Hi Brigit Faye,
Welcome to the forum! Distance does make the journey towards Orthodoxy more challenging, but not insurmountable. You've received some good advice in this thread. This is a thread
I started in a similar vein last year, which you may also find helpful.
Reading books or listening to podcasts about Orthodoxy is good, but can only take you so far. Orthodox Christianity is by nature a faith that is lived and nurtured in community. I would suggest, at the earliest possible opportunity, to make the trek to an Orthodox Church to worship with and meet others and talk with the priest. In this country, the Antiochian Churches are probably the best introduction for English-speaking inquirers, followed by the Greek Churches. Failing that, finding a priest, deacon or mature Orthodox Christian who is willing to work with you in your individual situation would be the next best thing.
As far as "weakening of your faith" if you can't attend an Orthodox Church or go to a Catholic one instead is concerned, that's probably more an individual pastoral concern rather than a doctrinal one. If you find that attending a Catholic church for now is feeding your faith and need for Christian community, I would hesitate recommending dropping it cold turkey before you are 'hooked in' to an Orthodox Church community and/or in contact with a helpful priest. In the early months of my journey into Orthodoxy, during the long stretches in between being able to get to the Orthodox Church, I found solace in attending an Anglican church liturgy and worshipping with others. In time, I found attending non-Orthodox churches left me feeling confused and spiritually empty, and stopped; but for a period, that Anglican church was a little oasis in the middle of a vast wilderness.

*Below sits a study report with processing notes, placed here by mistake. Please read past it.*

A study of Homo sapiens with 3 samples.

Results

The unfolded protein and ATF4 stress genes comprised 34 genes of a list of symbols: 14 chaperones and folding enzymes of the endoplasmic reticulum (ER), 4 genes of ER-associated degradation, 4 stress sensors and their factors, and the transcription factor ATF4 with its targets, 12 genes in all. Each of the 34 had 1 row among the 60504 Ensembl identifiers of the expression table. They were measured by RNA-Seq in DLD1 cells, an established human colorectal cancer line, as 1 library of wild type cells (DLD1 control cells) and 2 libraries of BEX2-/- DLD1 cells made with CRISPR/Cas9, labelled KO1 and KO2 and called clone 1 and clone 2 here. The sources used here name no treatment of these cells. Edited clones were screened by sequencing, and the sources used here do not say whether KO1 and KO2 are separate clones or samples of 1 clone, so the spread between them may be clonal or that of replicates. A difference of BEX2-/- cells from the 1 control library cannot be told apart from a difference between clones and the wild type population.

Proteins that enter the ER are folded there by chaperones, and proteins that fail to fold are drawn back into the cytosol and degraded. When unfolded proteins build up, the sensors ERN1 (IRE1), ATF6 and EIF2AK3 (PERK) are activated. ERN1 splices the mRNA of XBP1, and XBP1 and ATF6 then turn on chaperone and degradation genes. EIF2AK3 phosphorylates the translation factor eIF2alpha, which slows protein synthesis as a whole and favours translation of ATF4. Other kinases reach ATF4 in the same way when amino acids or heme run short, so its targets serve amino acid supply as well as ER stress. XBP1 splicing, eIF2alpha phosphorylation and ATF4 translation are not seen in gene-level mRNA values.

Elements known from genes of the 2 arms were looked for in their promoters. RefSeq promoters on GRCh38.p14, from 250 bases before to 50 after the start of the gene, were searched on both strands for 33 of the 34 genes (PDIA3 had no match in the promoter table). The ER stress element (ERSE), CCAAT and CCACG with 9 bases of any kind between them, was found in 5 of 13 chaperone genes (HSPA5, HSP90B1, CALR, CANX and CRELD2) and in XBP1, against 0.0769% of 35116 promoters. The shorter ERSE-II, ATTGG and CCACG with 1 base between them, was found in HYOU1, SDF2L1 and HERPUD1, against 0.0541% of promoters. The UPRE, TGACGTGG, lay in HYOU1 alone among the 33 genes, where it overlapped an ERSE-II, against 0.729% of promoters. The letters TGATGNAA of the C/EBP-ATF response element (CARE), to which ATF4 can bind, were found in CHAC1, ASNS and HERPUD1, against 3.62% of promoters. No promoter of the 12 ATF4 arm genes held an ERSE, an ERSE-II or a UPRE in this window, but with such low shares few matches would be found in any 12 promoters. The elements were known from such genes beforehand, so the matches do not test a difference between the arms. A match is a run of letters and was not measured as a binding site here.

As far as the eucharist goes - you can't receive communion in the Orthodox Church until you are a baptised/chrismated Orthodox Christian. However, if you have been baptised into Roman Catholicism or another Christian faith tradition, you can still receive communion there until you become a catechumen in the Orthodox Church.
I hope that is of some help. All the best with your journey into Holy Orthodoxy and will be praying for you.